A lot of you asked to hear about the Yeti 575 and unfortunately, I didnt get on one today. However, the Yeti rep that I spoke with convinced me to try the new ASR 5. It turns out that the rear spring rate on the ASR 5 is higher than the 575 but what does that mean? Well, for a heavier rider (175 lbs +) you may benefit more from a bike like that. Being on the north side of 175 myself I was convinced to give the ASR 5 a shot.
The ASR 5 is decked out with Shimano XTR/XT for the drive train and is complemented with the full Fox suspension package: FOX RLC 150mm travel QR15 up front and a RP23 with Boostvalve in the rear. The ASR 5 also features the new 142mm rear wheel spacing which claims to increase rear wheels stiffness.
The course layout at Bootleg Canyon is pretty typical – nothing too extreme, lots of turns, and moderate elevation change. The terrain is mostly hard pack with a layer of course sand and small gravel on top with the occasional rocky sections. I found that the bike handled well for a long legged trail bike: it was light and responsive and changed lines easily. On the turns the bike tracked well with no hint of wandering.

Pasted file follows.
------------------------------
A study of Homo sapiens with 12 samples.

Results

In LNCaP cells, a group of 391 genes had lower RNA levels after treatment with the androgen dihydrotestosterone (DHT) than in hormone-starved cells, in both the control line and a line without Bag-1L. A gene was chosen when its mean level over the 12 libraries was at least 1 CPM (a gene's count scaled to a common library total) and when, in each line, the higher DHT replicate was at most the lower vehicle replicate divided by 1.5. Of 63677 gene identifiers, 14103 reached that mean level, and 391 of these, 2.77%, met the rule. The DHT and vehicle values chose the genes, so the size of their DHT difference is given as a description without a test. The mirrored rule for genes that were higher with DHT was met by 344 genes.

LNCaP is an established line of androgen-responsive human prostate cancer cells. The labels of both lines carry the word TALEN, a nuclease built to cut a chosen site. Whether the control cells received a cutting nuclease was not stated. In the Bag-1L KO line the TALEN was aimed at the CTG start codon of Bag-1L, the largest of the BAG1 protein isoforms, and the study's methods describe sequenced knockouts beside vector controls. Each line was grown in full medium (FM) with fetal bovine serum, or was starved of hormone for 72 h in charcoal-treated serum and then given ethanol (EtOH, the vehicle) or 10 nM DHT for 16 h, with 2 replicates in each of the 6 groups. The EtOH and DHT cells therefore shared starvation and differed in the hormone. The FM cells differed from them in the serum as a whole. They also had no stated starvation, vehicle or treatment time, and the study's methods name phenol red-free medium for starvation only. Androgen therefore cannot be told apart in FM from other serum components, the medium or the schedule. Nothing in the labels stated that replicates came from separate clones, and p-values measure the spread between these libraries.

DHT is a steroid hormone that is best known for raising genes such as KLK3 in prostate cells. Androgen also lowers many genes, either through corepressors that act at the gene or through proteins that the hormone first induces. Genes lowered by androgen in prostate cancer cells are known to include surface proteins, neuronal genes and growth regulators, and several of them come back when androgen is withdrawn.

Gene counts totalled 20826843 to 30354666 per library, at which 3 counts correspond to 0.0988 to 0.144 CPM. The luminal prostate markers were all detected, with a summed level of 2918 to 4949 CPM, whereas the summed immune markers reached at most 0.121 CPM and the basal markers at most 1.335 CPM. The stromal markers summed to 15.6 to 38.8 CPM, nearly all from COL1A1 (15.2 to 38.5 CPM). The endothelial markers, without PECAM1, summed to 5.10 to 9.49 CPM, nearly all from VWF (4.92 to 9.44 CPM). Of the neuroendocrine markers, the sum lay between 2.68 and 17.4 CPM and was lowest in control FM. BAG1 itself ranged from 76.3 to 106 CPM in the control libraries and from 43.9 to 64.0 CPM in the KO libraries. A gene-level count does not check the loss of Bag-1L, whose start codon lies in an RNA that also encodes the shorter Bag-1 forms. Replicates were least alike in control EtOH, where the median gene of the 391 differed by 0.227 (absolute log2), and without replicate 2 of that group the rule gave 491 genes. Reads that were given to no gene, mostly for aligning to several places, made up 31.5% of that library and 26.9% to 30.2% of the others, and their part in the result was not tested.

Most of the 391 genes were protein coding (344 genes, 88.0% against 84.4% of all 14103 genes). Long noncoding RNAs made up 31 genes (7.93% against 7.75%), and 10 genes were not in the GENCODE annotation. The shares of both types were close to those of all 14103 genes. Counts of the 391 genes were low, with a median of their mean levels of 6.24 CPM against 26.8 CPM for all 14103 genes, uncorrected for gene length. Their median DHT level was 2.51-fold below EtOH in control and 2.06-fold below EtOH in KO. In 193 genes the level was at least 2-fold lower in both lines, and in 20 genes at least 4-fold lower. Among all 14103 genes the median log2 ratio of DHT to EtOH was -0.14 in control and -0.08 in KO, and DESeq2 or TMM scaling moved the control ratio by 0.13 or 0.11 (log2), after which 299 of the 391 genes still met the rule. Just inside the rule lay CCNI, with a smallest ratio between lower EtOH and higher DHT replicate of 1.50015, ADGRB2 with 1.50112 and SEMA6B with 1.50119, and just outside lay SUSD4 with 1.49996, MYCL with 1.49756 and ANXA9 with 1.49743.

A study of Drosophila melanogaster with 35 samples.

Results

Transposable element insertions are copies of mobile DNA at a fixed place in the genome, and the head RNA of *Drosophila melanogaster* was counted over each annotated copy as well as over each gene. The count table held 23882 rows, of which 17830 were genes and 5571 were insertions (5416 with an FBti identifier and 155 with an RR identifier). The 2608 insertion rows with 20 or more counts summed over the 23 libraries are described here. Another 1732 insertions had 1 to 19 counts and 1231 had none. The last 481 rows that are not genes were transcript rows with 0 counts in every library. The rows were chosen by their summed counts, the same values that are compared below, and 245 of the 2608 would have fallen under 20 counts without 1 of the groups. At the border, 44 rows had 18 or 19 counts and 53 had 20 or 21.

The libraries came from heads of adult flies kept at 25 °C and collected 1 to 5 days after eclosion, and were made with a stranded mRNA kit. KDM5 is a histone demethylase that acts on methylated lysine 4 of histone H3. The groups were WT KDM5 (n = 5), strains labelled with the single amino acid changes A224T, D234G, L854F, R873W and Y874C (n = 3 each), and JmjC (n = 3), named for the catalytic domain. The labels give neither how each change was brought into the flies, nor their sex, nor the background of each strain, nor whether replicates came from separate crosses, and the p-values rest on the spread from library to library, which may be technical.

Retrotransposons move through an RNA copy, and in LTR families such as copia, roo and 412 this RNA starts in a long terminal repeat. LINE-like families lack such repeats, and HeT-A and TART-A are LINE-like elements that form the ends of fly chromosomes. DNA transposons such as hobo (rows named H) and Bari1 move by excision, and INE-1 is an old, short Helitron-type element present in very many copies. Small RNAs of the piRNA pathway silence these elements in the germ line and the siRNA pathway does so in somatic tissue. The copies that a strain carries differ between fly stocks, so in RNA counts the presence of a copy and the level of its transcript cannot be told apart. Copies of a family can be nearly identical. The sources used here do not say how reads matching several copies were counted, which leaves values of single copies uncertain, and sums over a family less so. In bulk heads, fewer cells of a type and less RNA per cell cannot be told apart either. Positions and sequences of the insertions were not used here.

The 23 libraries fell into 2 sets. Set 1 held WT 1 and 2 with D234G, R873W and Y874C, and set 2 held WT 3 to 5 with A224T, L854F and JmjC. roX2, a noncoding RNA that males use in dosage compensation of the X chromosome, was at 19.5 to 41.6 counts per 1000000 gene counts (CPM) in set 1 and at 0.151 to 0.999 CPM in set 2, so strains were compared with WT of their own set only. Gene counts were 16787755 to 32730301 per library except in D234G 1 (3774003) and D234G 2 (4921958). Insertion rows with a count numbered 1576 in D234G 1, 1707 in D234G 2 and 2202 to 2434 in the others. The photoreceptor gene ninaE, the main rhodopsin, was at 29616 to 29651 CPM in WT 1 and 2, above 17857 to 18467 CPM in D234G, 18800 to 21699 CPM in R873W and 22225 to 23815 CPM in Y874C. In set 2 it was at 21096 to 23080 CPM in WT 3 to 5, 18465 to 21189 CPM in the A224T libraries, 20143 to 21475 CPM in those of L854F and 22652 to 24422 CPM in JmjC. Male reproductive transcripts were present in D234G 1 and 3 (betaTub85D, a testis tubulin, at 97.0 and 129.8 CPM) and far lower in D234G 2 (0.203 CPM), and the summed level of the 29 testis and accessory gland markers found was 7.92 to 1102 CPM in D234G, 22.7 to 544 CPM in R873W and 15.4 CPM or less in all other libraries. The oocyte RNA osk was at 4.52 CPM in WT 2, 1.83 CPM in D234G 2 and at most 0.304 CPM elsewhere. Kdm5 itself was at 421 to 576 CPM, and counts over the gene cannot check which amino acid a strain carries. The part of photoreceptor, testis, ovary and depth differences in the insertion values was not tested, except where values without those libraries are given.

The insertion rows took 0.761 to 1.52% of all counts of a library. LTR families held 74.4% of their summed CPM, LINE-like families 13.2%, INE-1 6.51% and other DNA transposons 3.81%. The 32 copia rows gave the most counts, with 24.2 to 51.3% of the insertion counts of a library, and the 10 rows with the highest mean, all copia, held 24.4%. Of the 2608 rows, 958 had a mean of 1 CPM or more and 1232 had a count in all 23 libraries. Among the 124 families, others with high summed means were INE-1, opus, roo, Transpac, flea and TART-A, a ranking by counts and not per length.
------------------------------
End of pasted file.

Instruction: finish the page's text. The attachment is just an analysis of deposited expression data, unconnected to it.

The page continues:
When it came to adding more power on the pedals while staying in the saddle, the bike moved efficiently forward without a hint of bobbing. I found that climbing out of the saddle wasn’t quite as efficient as staying seated and spinning so if you like to climb off the saddle you will find that you need to position yourself over the bottom bracket.
Overall the Yeti ASR 5 is a decent trail bike that’s tough enough to push your limits on the trails. The quality of the build and attention to detail on the ASR 5 is exactly what you would expect from Yeti.